If you’re like me and had the recent experience of renewing your vehicle registration, you saw a new line item of $21 to help pay for needed highway projects. HB 312 passed last year, so I knew this was coming. In addition to the registration increase, the state gas tax was increased 7 cents (from 25 to 32 cents) per gallon.
Some say that it isn’t very conservative to raise taxes and fees under any circumstance, for any purpose. Others feel that these are actually “user fees” and not truly taxes. If you look at the need, however, I think you’ll agree that our state legislators who voted for this improvement legislation, like Luke Malek, Shawn Keough and Eric Redman, made the right call. Here’s why:
Earlier this year, Idaho Transportation Department Director Brian Ness testified to the Legislature that Idaho has almost 800 bridges beyond their design life (more than 50 years old, usually). In 2010, Gov. Butch Otter’s transportation task force reported that $262 million is needed annually just to keep our roads and bridges from getting any worse than they are today. ITD has already been responsibly restructured to trim its budget by $80 million, cutting the fat before asking for more funding.
Because of HB 312, ITD recently announced $54 million in statewide projects from the revenue created in the first year. Kootenai County will receive $13 million of those dollars, and these projects have been identified:
• $6.25 million to restore 10.2 miles from Highway 41 in Rathdrum to the Highway 54 junction with a pavement treatment and sealcoat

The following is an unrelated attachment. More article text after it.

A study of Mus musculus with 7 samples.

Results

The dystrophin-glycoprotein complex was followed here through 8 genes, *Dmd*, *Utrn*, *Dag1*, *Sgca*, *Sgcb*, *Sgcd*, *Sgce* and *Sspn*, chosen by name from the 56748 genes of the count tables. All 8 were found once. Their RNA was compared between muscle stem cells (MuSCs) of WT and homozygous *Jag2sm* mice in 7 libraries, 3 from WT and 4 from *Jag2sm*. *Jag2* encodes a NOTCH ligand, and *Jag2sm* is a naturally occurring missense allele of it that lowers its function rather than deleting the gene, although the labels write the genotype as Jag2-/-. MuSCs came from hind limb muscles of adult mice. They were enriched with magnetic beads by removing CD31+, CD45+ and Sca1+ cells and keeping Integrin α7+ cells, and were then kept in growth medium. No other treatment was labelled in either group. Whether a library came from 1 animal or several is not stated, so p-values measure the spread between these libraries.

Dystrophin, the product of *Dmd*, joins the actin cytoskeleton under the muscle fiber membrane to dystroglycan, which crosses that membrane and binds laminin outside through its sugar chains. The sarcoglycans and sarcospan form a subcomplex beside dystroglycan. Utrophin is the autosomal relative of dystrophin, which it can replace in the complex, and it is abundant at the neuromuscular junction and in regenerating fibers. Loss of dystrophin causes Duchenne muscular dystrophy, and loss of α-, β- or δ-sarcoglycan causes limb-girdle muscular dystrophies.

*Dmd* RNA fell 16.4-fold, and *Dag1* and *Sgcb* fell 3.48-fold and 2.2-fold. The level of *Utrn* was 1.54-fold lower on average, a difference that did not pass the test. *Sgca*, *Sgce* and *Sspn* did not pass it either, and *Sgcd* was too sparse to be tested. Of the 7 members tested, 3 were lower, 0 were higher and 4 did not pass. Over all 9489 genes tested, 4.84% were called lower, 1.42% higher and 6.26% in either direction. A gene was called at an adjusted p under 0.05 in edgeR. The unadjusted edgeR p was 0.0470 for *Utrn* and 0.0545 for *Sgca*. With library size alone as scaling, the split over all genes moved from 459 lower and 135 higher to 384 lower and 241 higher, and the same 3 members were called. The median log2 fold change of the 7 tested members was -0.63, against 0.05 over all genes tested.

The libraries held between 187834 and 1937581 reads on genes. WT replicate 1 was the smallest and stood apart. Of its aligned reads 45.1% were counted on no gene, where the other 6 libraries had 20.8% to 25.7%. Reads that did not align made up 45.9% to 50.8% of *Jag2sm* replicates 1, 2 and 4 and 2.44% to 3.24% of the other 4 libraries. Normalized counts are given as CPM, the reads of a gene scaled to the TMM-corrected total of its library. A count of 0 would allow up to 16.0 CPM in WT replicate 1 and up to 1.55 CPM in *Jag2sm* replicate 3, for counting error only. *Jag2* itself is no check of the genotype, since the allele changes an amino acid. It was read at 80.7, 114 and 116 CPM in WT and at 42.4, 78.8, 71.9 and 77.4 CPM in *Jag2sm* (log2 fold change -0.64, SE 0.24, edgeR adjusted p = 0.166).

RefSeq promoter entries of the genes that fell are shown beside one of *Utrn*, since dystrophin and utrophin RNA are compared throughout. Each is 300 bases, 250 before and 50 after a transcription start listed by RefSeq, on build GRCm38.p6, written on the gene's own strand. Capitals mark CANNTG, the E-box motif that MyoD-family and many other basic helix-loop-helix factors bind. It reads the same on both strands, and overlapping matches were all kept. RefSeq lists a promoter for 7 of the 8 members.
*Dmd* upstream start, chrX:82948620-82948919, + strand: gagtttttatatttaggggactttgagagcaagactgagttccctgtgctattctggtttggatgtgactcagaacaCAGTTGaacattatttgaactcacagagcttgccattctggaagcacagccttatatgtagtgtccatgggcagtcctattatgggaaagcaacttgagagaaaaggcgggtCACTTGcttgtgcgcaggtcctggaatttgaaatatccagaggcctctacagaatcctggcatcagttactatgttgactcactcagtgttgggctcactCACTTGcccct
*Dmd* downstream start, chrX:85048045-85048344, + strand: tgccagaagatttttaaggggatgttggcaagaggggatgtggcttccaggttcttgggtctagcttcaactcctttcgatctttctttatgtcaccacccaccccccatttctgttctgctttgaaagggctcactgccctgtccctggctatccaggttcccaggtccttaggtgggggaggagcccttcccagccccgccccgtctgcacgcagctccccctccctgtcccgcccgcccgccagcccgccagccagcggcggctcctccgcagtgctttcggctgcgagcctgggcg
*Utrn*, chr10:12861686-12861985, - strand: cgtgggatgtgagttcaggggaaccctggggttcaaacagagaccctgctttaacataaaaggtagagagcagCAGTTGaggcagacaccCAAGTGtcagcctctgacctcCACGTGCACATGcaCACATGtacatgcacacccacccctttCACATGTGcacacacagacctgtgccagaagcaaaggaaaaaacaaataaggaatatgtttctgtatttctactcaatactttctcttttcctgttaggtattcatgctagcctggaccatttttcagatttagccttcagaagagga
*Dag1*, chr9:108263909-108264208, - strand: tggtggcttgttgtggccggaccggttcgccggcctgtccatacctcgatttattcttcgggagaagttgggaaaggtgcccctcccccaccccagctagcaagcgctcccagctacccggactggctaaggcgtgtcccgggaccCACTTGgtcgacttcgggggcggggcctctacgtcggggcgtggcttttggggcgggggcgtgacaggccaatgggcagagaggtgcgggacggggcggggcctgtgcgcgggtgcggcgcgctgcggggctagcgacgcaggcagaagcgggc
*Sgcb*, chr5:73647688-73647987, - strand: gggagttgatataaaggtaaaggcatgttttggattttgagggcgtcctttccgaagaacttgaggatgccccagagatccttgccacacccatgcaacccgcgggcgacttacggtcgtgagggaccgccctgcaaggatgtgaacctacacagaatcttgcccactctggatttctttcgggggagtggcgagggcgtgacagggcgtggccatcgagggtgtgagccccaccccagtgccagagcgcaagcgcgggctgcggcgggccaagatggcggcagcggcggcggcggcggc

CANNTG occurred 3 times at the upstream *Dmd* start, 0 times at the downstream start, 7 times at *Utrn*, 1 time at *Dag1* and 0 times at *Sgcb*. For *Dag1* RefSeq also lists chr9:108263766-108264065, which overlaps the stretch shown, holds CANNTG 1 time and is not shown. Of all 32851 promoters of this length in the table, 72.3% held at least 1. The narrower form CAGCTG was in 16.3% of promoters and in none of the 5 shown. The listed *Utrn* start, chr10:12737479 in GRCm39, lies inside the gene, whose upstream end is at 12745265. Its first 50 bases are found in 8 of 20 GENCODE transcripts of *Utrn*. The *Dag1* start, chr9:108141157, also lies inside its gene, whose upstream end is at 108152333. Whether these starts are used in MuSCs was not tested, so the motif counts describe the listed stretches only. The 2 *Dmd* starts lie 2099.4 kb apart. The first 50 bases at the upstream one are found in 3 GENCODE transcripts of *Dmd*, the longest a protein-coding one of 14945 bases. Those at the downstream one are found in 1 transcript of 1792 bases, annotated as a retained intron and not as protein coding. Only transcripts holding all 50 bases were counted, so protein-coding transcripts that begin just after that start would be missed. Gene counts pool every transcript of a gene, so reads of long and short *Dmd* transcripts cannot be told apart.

• $5.4 million to replace the Interstate 90 overpass on Highway 97 at Wolf Lodge with a taller and wider interchange
• $1.28 million to improve traffic safety at three intersections on Highway 41 between Highway 53 and U.S. 2
According to a national study, every transportation dollar invested now will save $6 to $14 in repair or replacement costs in the future. We can either begin to tackle our maintenance shortfall now, while the roads and bridges are still intact, or we can wait ‘til they fall apart. Which approach seems more responsible to you?
To see what our local legislators thought, see attached graphic.
For details about intent of the law or funding:https://www.legislature.idaho.gov/legislation/2015/legIndex.htm
By: Mara’d Sjostrom, My Turn, cdapress.com
Mara’d Sjostrom is a member of Republican North Idaho Political Action Committee (Republican NIPAC or NIPAC): “Protecting Individual Freedom, Promoting Individual Responsibility: Our mission is to help rational, dedicated, problem-solving people get elected to public office- by motivating citizens to register, affiliate, and vote in the upcoming primary elections.”